Recipes from bama
BAMA women have gathered their knowledge as part of the healthy life skills program to launch a book of traditional and contemporary recipes.
The recipe book, titled Mossman Bama Recipe Book, promotes eating healthy through organic food and food from off the land and elder Joan Salam said she enjoyed getting involved and sharing her recipes.
“I have two recipes in the book, coconut curry chicken and a dish called sop which is diced up vegetables with sweet potato, taro, pumpkin and you can do it with casava as well, it’s a vegetable dish cooked in coconut,” she said.
“Sylvia (Green) asked us all about indigenous cooking, we all cook and the ladies were willing to share.”
Ms Salam said it is important for the younger generations to learn the recipes.
The cover design was created by Gorge artists Loretta Spratt and Pamela Salt, who also designed the logo for the program.
Community Health project officer Sylvia Green said 22 women are involved in the healthy life skills program and the majority contributed to the recipe book.
“The idea was to make the recipe book with mostly traditional food - prawns, penniwinkles, turtle, dugong, crab, mussels, sting rays, jewfish - with a lot of fruit and vegetables off the land and coconut is used a lot,” she said.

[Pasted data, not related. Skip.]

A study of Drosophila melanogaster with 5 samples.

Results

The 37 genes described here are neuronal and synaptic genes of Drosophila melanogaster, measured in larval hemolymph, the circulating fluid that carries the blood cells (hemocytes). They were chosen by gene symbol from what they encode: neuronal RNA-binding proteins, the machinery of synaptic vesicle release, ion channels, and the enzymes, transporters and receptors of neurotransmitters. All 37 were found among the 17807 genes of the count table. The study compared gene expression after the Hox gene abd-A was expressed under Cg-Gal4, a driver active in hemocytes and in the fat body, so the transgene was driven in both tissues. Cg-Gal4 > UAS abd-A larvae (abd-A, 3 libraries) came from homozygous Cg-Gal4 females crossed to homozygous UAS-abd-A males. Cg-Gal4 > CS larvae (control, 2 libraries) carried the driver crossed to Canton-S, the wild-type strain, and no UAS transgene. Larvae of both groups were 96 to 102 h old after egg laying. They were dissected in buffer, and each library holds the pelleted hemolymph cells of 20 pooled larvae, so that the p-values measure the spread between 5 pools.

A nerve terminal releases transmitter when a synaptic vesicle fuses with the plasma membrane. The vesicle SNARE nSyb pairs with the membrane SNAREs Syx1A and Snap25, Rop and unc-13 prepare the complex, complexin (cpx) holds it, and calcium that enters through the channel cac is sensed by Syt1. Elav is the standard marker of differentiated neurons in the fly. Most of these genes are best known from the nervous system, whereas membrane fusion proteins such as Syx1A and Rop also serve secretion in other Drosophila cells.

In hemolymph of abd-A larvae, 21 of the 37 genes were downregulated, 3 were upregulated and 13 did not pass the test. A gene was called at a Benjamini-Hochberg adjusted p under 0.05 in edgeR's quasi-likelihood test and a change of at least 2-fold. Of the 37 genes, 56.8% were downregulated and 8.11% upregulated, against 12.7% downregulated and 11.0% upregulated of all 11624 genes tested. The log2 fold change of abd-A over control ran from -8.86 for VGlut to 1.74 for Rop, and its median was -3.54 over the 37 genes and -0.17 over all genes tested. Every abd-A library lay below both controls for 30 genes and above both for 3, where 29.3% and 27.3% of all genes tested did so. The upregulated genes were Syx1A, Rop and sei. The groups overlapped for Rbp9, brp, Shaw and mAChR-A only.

“We wanted to focus on the traditional foods they have at feasts and weddings and with contemporary dishes they create like beautiful salads, sop, chicken and desserts.
“The aim is to be culturally appropriate and keep the culture going, know that you can eat off the land and not live on processed foods, eat organic and natural, go to the markets and fishing - it’s better for you.”
The program also incorporates exercise, fitness and gardening, with the women developing their own communal garden as part of the program to learn how to grow vegetables and herbs.
The Mossman Bama Recipe Book is not for sale but is available for indigenous women and there are copies at the high school and library.